Czech Republic determined to fight mandatory quotas all the way

Intensive last-minute talks ahead of Tuesday’s EU summit of interior ministers in Brussels failed to bridge the divide between Western EU leaders and the Višegrad group over the proposed imposition of mandatory migrant quotas. The Czech Republic, Slovakia, Hungary and Poland remain firmly opposed to the idea, and Prague has even suggested that the EC proposal may be in violation of European law.

Bohuslav Sobotka, photo: Filip JandourekBohuslav Sobotka, photo: Filip Jandourek A meeting of Višegrad Group states with Luxembourg, which currently presides the EU, on Monday failed to break the deadlock in talks over compulsory migrant quotas with the Višegrad Group insisting on the need to preserve the voluntary nature of EU solidarity measures in dealing with the crisis. Prime Minister Bohuslav Sobotka said the country was determined to hold this line at the upcoming EU talks.

“Our reservations to the EU proposal remain, which means that we will not support any agreement that involves a mandatory re-distribution of refugees either at Tuesday’s meeting of interior ministers or Wednesday’s emergency summit of EU leaders.”

Migrants walk towards Hungary across a bridge over River Drava in Croatia, September 21, 2015, photo: CTKMigrants walk towards Hungary across a bridge over River Drava in Croatia, September 21, 2015, photo: CTK The Czech Republic has sent the nature of its reservations with regard to mandatory quotas to Luxembourg in writing. In a legal analysis drafted by the Czech Interior Ministry, Prague questions what it calls ten serious failings of the plan which have not been properly cleared up at previous negotiations. First it points out that an attempt to enforce a mandatory relocation of refugees during the migrant crisis in Malta six years ago failed. It says that the migrants allocated to Slovakia and Romania simply refused to go there and the plan was never implemented. The analysis questions whether allotting asylum seekers to a certain country against their will is not against the European Convention of Human Rights, and asks how they would be prevented from leaving that country, who would be responsible for returning them if they did and what the respective sanctions would be. It moreover inquires for how long they would be restricted in movement around the Schengen zone. And finally it questions the legal basis of such a move were it to be enforced by a qualified majority vote of interior ministers on Tuesday. Czech Interior Minister Milan Chovanec.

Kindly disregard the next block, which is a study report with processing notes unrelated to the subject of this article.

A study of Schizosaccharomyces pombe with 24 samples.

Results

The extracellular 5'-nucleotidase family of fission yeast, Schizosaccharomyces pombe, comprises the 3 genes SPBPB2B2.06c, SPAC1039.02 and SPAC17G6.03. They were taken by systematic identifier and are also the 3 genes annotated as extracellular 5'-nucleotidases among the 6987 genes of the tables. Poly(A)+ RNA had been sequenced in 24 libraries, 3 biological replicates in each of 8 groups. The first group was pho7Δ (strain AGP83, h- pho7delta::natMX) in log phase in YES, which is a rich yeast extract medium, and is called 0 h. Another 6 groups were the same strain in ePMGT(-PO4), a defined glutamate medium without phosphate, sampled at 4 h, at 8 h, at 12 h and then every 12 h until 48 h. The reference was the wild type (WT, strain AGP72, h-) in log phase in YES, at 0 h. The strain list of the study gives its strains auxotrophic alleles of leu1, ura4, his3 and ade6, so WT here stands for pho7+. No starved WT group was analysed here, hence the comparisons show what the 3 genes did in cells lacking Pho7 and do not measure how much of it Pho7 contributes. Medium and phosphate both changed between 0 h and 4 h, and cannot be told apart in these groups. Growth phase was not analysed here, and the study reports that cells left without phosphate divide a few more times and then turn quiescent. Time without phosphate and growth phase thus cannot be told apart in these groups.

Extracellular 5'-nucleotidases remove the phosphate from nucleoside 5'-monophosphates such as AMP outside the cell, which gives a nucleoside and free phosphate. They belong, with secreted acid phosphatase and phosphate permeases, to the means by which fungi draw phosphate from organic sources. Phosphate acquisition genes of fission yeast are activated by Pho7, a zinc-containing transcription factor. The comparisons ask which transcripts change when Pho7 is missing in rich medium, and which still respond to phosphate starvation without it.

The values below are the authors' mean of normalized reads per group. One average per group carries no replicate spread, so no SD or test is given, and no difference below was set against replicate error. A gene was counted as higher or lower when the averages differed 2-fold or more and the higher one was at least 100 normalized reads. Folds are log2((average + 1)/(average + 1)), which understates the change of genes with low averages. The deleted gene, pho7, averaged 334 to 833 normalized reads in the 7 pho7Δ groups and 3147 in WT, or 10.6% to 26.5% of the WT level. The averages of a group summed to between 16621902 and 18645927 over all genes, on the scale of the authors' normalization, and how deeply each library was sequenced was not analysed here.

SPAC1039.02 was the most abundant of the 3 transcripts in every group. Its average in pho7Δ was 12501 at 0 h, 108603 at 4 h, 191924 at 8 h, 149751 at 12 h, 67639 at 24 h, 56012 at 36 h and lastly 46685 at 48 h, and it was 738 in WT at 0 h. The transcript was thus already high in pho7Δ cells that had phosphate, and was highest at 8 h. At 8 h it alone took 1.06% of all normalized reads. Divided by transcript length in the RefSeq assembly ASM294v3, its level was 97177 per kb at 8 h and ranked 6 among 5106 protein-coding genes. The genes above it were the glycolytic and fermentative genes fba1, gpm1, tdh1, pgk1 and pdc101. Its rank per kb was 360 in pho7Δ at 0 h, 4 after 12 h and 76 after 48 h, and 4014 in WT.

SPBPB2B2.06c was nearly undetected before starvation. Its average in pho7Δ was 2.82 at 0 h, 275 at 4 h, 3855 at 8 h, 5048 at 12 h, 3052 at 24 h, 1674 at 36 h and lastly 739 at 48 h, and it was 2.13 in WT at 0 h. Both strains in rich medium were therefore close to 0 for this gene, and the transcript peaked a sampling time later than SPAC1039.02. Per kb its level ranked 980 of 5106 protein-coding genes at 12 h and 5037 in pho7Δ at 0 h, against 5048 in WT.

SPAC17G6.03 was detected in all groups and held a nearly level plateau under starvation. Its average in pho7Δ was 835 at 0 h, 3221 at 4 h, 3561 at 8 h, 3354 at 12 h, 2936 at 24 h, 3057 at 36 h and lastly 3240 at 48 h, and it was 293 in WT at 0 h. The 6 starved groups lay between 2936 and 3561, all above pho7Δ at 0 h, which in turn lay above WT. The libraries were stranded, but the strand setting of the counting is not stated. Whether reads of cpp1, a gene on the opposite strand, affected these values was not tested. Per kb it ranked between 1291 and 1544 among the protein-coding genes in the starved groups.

“We are also looking for ways for member states to be able to defend themselves against such a decision. And in order to find out we need to know on what legal grounds such a decision would be made.“

Milan Chovanec, photo: Filip JandourekMilan Chovanec, photo: Filip Jandourek There have even been suggestions on the domestic political scene that, if outvoted, the Czech Republic could take the issue to the European Court of Justice in Luxembourg. Despite the country’s determination to fight the proposal of mandatory quotas all the way, Czech top officials say their opposition is not about the number of migrants the country would be prepared to take in. In fact in recent days Prime Minister Bohuslav Sobotka said that –if mandatory quotas were dropped – the country would be prepared to take in as many refugees as it is did during the war in the Balkans, which was over 10,000 people. What the country strongly objects to is the principle of a mandatory re-distribution which would be open-ended and could definitively rob the country of control over who it opens its doors to in the future.